September 01, 1987|RANDY HARVEY | Times Staff Writer

ROME — Once it was established that Canadian Ben Johnson's start in the 100 meters here Sunday was legal, the only debate concerned how to describe his world-record time of 9.83 seconds. To the American journalists, it was Beamonesque. The Canadian journalists preferred Beamonic.

Perhaps it was neither. Perhaps Johnson's achievement in breaking Calvin Smith's previous world record by a full 10th of a second was not on a level with Bob Beamon's long jump of 29 feet 2 1/2 inches, which was more than a foot and a half better than the previous best and has stood as a world record for 19 years.

But it was close enough for the subject to merit considerable discussion Monday at the Olympic Stadium on the third day of track and field's World Championships.

Not since the invasion of Grenada has so much been said about something that took so little time to finish.

"It was the best performance I've seen since Beamon's 8.90 (meters)," said D.H. Potts, a Cal State Northridge professor and noted track and field historian. "This was a good second."

Dave Johnson, statistical editor for the Palo Alto-based Track & Field News, said it might have been better than that, particularly considering that Beamon set his record in the thin air of Mexico City, which is 876 feet above sea level. Rome's altitude is only 66 feet.

"Beamon's jump certainly had more shock value as far as going beyond what anyone had ever seen or expected," the statistician said. "But when you consider what we know now about the effects of altitude, this may have been a better performance."

What did Ben Johnson do on the night he became part of track and field's lore?

"I asked him how he was going to celebrate," said Jim Christie, a Toronto Globe and Mail sports reporter who is writing Johnson's authorized biography. As of Sunday, "The Fastest Man on Earth" is the working title.

"He looked at his watch and said, 'It's 9:45. I think I'll go back to the hotel and go to bed.' "

That is about as long a declaration as anyone coaxes from Johnson, who is quiet even among friends, probably because of his speech impediment. But he does occasionally surprise his friends with his sense of humor.

Christie said he once asked Johnson how he adjusted to Canada after living the first 13 years of his life in Jamaica, moving from a predominantly black society to a predominantly white society.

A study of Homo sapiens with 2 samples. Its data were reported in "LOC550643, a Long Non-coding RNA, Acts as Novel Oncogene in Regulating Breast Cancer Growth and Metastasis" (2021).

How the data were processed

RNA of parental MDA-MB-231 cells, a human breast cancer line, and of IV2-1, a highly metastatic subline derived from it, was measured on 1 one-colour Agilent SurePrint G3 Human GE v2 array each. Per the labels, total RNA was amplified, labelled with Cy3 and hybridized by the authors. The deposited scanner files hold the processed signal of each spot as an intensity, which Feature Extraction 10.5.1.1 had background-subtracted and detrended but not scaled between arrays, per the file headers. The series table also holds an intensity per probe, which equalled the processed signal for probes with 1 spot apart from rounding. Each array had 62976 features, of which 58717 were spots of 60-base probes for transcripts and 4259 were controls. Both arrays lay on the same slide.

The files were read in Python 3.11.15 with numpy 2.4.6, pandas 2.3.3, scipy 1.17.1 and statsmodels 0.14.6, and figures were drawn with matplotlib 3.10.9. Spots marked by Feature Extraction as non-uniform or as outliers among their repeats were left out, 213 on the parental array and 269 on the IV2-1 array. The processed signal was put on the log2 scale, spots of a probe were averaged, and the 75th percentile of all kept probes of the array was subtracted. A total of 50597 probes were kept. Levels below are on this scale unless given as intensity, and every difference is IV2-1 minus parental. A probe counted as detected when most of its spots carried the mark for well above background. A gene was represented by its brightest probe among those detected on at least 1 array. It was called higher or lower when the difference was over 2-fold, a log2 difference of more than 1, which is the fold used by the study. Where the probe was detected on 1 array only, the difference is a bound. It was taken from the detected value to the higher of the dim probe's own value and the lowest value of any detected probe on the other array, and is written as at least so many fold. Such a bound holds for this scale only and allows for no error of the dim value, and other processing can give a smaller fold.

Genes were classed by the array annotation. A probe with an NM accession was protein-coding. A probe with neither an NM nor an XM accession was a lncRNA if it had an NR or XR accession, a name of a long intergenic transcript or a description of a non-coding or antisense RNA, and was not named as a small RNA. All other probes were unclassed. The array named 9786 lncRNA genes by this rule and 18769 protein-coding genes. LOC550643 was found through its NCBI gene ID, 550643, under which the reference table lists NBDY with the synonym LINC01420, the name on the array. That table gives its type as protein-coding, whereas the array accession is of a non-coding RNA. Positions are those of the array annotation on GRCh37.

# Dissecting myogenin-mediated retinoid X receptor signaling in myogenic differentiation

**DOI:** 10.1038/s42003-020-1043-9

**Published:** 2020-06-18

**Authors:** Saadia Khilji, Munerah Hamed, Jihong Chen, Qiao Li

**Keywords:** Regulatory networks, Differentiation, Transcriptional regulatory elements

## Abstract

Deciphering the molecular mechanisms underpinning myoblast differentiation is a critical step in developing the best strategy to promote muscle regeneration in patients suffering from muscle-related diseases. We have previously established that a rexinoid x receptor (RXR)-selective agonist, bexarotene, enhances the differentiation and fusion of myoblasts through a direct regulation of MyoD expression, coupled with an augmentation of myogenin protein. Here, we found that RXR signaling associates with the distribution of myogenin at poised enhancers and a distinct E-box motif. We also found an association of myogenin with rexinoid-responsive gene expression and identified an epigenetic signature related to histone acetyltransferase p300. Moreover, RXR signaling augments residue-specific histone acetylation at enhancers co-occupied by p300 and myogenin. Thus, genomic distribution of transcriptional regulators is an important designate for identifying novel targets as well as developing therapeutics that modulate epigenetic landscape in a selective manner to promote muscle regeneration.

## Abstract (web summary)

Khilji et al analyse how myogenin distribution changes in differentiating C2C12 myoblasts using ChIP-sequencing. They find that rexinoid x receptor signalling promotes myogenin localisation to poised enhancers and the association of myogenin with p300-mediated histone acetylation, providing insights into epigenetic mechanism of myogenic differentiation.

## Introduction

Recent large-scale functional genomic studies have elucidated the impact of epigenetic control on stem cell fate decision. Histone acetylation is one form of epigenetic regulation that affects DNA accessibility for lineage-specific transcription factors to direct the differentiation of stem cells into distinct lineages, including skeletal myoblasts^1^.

"I decided before I came that I wasn't going to be prejudiced," he said.

Johnson's older brother, Edward, introduced him to track one year after their mother moved them and their four sisters to Toronto. Their father remained in the small industrial town of Falmouth, Jamaica, where he works for the telephone company.

Gloria Johnson and her husband are not divorced, but she said she left home for the city because she thought it would offer more opportunities for her children. Little could she have known then the opportunity that awaited her second-youngest child.

On the first day in 1976 that Johnson, in his high-top sneakers, arrived with his brother at the York Institute track, Coach Charlie Francis saw the Jamaican teen-ager's potential. He was more astute than his established sprinters, most of whom were several years older than Johnson and did not think much of their scrawny teammate.

When Francis' most experienced sprinter finished well behind several others in a race, he retired on the spot.

"Even Ben beat me," he said, unaware that someday he would be able to include himself among some distinguished company, including Carl Lewis, who finished second Sunday in 9.93.

Johnson recalled last week the first time he realized that he was fast, but it happened in the water, not on land. He said that while living in Jamaica he once outswam a shark.

"My mother told me the water was dangerous," he said. "She was right. The shark almost et me."

Asked if Johnson, 25, has a friend who is closer to him than others, Christie did not hesitate. Anyone who did not know better might have thought he would name Johnson's British girlfriend, Jade Martin, Miss Black United Kingdom.

"His mother," Christie said. "When he was on the European circuit this year, he called her every night in Toronto."

Johnson also is close to his father, who saved enough money to buy a five-bedroom house and plots of land in Jamaica for each of his six children. Johnson goes to Falmouth as often as four times a year.

But after Sunday, Canada no doubt will claim Johnson as its own, something it has been reluctant to do.

Christie said he believes race has been a factor in that, although not the primary one. He said the main reason is that Johnson is good in a sport other than ice hockey. Christie added that Johnson's stutter also has prevented him from receiving exposure, particularly on television.